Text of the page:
Bell sentenced in accidental shooting case
Nicholas D. Bell, 25, of Manchester, pleaded no contest to manslaughter, simple assault with a weapon, and reckless endangerment in late May. An agreement had been concluded between the state and Bell, calling for him to serve one year in prison for the two lesser charges, while getting a seven-year deferred sentence for the manslaughter charge.
Police said that on Nov. 25, 2010 - Thanksgiving Day - Bell and Charbonneau were staying at the home of a mutual friend, as their respective homes were crowded. Police received a 911 call from Bell, saying he'd shot Charbonneau in the chest as he slept with what he mistakenly thought was a BB gun. The weapon turned out to be a loaded .22 caliber rifle.
"There are no words I can say that can tell you how truly sorry I am," said Bell, Tuesday, during his allocution. "I am responsible for Jeffrey's death," Bell said, not speaking for more than a few sentences at a time, pausing for breath in between.
He leaned on the defense counsel table for support, and struggled to keep his head up as he spoke. "I was stupid and careless. I was stupid; I did not realize I was holding a real gun. I did not realize it was loaded. In the brief few seconds I held the gun, I did not realize it was pointed at Jeffrey. Those brief moments drastically altered my life, and many other lives. Most importantly, the lives of the Charbonneau family. I am so, so sorry. I am so sorry."
Both the Charbonneau and Bell families were heavily represented in the courtroom Tuesday.
"November 25, 2010, my son was killed," said Richard Charbonneau, Jeffrey Charbonneau's father. "For a few days, the reality of what happened had not set in. When I put my son's ashes in the ground, it was a reality. No more time together. No more golf course, ski area, or anything. Jeff was dead."
His father and other relatives told Judge David Howard they wished to see Bell sentenced to the maximum length of time possible. They spoke of the bright future Jeffrey Charbonneau had ahead of him which was cut short, and the missed family milestones such as weddings and births.
"Jeff was my big brother," said Danielle Charbonneau, one of Jeffrey Charbonneau's three sisters. "I turned to him for answers to the heaviest of problems and because of him I am confident of where I am, motivated for my future, and determined to make the best of each day."
Amy Charbonneau, another of Jeffrey Charbonneau's sisters, said she felt the pain of all her relatives, but also felt for her young daughter who "lost an incredible role model. "She talks about Jeff. She liked orange juice like Uncle Jeff, and makes cereal with milk just like Uncle Jeff. She remembers his guitar and sings 'Jingle Bells,' which she was learning from him around the time he died," she said.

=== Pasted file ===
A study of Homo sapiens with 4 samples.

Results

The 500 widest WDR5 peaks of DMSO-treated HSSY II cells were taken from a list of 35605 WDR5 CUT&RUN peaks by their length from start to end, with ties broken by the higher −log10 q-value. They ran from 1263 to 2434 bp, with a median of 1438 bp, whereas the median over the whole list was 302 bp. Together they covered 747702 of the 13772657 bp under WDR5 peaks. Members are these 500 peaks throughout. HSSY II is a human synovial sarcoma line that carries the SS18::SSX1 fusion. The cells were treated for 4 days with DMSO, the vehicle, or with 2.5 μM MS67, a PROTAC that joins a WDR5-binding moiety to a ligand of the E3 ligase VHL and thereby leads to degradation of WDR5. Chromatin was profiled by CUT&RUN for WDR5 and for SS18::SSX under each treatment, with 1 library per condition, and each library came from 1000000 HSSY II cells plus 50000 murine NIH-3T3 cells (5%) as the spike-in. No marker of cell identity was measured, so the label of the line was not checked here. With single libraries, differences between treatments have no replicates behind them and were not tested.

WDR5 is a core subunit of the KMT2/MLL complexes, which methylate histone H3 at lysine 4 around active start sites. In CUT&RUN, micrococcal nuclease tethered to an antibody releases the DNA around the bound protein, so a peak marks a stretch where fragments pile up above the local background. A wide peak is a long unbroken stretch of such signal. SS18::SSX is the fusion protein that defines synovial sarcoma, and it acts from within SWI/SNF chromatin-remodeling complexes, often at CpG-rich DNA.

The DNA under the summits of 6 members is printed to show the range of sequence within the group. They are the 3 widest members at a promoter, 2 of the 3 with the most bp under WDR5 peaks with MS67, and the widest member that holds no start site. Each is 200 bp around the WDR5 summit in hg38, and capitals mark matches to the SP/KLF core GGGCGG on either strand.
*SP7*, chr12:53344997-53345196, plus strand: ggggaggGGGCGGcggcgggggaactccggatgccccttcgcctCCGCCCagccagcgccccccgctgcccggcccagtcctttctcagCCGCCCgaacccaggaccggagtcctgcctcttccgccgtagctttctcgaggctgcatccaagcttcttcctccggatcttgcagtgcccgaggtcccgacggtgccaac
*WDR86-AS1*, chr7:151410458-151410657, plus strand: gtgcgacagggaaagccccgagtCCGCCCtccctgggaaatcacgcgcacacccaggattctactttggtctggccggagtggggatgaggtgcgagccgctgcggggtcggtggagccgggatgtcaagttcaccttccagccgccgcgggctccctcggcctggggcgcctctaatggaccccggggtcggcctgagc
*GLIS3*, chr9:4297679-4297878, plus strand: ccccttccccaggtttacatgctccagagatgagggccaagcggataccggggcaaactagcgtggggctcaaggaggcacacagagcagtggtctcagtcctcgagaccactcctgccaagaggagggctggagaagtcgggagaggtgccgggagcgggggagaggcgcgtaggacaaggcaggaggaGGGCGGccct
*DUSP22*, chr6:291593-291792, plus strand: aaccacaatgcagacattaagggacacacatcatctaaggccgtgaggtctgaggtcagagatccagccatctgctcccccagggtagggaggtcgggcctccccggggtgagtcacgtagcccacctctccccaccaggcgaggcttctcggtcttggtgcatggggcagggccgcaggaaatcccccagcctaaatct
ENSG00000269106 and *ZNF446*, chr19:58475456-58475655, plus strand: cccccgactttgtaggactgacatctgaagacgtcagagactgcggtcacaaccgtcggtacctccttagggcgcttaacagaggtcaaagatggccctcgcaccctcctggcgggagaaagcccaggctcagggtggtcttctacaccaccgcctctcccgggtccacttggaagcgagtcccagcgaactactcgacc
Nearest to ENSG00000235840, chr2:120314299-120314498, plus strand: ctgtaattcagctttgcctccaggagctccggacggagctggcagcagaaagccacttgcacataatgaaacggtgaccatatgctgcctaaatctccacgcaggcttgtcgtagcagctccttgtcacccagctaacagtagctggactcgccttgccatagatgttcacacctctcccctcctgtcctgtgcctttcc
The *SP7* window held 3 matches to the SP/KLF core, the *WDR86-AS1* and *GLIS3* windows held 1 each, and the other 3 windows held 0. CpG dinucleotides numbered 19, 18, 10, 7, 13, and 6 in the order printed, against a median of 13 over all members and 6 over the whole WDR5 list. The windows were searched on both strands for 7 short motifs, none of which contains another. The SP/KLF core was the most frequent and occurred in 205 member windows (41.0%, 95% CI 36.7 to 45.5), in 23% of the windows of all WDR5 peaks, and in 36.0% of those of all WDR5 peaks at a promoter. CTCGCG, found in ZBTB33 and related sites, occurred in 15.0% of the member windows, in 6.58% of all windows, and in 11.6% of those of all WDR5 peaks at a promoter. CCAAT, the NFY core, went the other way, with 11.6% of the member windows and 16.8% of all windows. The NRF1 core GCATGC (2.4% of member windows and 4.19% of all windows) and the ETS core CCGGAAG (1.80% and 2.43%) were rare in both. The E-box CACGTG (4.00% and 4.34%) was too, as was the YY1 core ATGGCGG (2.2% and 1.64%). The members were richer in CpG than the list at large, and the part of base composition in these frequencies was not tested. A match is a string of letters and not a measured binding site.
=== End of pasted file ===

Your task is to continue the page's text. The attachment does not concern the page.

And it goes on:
Jeffrey Charbonneau's role as a peacemaker and listener for his family was a theme among his sisters, and was hinted at by his uncle.
"Jeffrey was our family's practical and reasonable voice," said Kelly Charbonneau, Jeffrey Charbonneau's older sister. "He was the one I would call and talk to about anything and know I would be getting great advice. He was my only brother, and would put a lot of thought into what he was saying. Jeff was always concerned about the welfare and safety of his sisters."
They also spoke of the unease and anxiety they have felt since losing their brother. Charbonneau's mother, B.J. Charbonneau, said sleep does not come easy for her anymore. "I've spent countless number of nights sobbing myself to sleep," she said. "I'm lucky to get a few hours of rest. I still have nightmares about other loved ones dying."
Wayne Bell, Nick Bell's father, was allowed to speak on his son's behalf. He said he realized the pain the Charbonneau family is feeling, as the Bell family had lost a young member some years ago to an "equally senseless accident."
"We knew and loved their son also," he said. "When he was in Manchester, he was part of our family, and our home."
Charbonneau generated a similar reaction in his community as well, and shortly after his death, hundreds turned out for a memorial service in Manchester.
Howard said Bell's punishment is largely punitive, as Bell has shown no need for rehabilitation services, and does not appear likely to put himself in a similar situation again. He said that the sentences he accepts in cases such as this do not attempt to equal the value of the life lost.
"Frustration would be a poor word to describe what the court is feeling," Howard said, adding that it's clear Bell's inexperience with firearms may be a possible explanation for his actions, but they are still difficult to comprehend.
He said the law has always made a distinction between deaths caused with the intent to kill or injure behind them, and those where harm was not intended, and this was a case of the latter.
Bell's sentence began after the court proceedings were over, and he was led away by members of the Bennington County Sheriff's Department.